The dust has settled from CES 2015. News media and social media outlets have moved on to the next item in the news cycle and CES has published their Innovation Awards. I have shared my stories and pictures with my friends, family and colleagues (aka bragging) and can no longer justify bringing CES up in general conversation. Talking through my experiences at CES, three themes have stuck with me that I think are important for educators to know about to guide them in preparing students for the world they will live in. These themes are The Internet of Things, Innovate or Die, and Automation of Everything.
The Internet of Things
I have mentioned the Internet of Things in a previous post about CES and I have been using the concept in a number of my sessions for a few years now. CES has really driven home how prevalent this will become as companies are striving to become more connected, collaborative and secure. We are capturing so much data today from such a wide variety of sources and connecting so many of the objects we use everyday that it is mind boggling. When my watch, talks to my car, which talks to my house, which talks to the other houses in the neighbourhood. The consequence of this scenario is that we will have algorithms and programs offering us choices or making decisions on our behalf. That is not necessarily a bad thing, but I would like to ensure that my students have the curiosity and open-mindedness to actively seek out alternates and be the masters of the choices they make, or at least being conscious of the programs that are making choices for them.
Innovate or Die
The world is changing so fast that this is one of the key elements to being successful in the modern era, due in part to the the IoT. It is very clear that we can not graduate students who are a work force of worker bees (see why in the next section below) We must enable our students to be critical thinkers and entrepreneurs. Not entrepreneurs in the economic sense, but rather an entrepreneurial spirit. We need to nurture the characteristics of and entrepreneur in all our students (creative, independent, self-motivated, etc.).
Automation of Everything
Drones, robots, and software that aggregates the data from the IoT means our students will, in theory, have more time for other pursuits and will either be the masters of the robots or at their mercy. I believe that if we do not teach our students the language of coding, they will become dependent on automation instead educated consumers and critical thinkers in regards to the role these devices will play in their lives. We are already seeing this with adults and social media in our society today. Many of their interpretations are based on fear due to a lack of understanding of the technology. Imagine a world of connected devices using algorithms to make predictions and interpretations for individuals who have no concept how that is being done or understand how to manipulate that information to put themselves in control. I want all the students I teach to understand computational thinking and to be the ones writing the programs they need to solve their day to day problems instead of blindly allowing machines to make decisions for them.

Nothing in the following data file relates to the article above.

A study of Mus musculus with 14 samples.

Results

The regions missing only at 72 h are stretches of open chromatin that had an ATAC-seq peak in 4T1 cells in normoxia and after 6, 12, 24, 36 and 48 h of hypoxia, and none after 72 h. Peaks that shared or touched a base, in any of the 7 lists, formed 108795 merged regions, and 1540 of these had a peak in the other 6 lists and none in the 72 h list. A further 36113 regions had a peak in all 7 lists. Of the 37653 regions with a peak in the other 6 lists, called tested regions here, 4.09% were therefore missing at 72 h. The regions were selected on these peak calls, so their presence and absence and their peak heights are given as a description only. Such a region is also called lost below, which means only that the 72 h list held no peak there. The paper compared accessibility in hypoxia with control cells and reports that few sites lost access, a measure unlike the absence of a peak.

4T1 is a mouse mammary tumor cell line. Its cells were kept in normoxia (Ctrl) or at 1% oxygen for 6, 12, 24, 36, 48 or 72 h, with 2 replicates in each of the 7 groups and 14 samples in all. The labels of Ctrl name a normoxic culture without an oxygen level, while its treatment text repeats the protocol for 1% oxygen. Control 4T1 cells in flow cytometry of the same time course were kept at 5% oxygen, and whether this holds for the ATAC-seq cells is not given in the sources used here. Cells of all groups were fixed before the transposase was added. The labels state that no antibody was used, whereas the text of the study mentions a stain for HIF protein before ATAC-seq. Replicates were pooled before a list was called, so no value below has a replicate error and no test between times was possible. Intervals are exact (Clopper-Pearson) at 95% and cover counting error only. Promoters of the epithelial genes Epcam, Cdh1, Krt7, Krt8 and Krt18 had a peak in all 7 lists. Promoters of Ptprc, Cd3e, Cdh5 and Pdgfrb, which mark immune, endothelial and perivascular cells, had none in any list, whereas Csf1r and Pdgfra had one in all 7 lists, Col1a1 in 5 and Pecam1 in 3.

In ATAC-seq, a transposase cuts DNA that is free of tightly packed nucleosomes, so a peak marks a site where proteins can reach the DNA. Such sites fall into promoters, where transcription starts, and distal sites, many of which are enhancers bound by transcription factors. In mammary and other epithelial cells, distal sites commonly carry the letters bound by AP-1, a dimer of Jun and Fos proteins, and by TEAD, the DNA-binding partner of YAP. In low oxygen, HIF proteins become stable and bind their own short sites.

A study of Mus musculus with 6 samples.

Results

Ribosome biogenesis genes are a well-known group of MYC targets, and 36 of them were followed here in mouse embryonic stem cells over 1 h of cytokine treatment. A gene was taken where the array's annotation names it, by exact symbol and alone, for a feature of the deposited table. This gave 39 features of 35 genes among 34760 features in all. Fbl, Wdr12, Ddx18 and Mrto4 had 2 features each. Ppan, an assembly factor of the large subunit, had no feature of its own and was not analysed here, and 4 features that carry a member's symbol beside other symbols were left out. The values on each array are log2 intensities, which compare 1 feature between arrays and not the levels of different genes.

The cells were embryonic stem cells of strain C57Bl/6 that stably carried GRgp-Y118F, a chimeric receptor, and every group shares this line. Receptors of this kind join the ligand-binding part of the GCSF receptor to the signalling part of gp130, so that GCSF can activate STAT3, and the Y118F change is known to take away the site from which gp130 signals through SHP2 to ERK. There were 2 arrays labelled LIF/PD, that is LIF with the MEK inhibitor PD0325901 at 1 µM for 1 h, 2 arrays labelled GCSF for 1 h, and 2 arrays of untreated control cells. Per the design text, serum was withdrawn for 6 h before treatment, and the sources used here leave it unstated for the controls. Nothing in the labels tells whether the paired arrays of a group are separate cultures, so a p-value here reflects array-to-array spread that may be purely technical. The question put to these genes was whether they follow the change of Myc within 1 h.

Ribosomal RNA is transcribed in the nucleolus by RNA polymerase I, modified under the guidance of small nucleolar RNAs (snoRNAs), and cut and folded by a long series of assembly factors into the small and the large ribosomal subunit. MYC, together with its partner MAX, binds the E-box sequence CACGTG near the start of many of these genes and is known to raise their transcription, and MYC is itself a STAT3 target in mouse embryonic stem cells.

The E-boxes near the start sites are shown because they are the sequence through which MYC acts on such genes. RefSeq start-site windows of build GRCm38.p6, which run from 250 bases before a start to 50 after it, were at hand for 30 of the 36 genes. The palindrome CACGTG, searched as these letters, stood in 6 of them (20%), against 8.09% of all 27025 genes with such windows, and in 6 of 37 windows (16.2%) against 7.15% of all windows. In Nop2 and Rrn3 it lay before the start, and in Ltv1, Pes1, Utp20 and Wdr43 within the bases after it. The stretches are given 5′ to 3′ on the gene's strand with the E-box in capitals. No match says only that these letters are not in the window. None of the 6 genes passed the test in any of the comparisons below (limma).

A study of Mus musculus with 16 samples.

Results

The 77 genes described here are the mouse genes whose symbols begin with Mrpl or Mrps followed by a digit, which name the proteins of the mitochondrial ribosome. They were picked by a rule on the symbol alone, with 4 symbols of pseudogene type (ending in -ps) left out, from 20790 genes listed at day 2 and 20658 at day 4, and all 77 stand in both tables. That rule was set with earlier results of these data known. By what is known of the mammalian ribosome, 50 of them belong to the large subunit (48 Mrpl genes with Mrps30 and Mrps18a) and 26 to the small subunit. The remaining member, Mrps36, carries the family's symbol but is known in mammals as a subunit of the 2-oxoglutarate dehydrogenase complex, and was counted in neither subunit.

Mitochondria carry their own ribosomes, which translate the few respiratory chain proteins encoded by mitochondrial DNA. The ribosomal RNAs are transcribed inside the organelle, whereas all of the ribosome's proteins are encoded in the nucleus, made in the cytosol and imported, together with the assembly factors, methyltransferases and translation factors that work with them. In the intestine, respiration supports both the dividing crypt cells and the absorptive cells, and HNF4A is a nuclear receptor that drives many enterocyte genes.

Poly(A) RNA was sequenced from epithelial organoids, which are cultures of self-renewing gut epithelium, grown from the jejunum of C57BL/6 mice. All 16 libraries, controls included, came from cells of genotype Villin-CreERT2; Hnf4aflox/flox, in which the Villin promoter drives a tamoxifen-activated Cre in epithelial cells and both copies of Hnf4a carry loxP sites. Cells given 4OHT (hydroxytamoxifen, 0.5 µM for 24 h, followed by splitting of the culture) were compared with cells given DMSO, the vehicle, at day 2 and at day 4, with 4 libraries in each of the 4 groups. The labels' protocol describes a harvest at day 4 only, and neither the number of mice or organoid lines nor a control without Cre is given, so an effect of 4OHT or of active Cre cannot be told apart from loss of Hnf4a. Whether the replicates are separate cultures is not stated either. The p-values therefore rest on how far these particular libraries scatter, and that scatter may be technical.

From Consumer to Prosumer
This may very well be the most profound shift in our liberal democratic society. Corperations are shifting from trying to get people to simply buy and use their brands to engaging people in ways that the can promote and produce new content with their brand. It is important for us to teach students how this new economy of connectedness works. We need to teach them how to utilize the data collected by these interactions with brands and each other in ways that not just preserve, but manifest their sovereignty. Schools need to ensure their students are in control of their own lives, and not being controlled by the internet of everything. Marketing and capitalism are constantly evolving, and the rate of evolution is being amplified by our technology. Will education systems understand this change fast enough to be beneficial to our students? I recently saw Generation Like, a great documentary on PBS that helps us understand this shift.
For me, CES wasn’t really about all the cool tools and the creative innovation. Instead, it was about the possible future our society is headed toward and a reminder that with progress comes societal change. That rate of change is about to increase exponentially and the kids we teach need to be able to thrive in this environment. Does our education system (not necessarily the actual tools we use) provide them with the skills they need?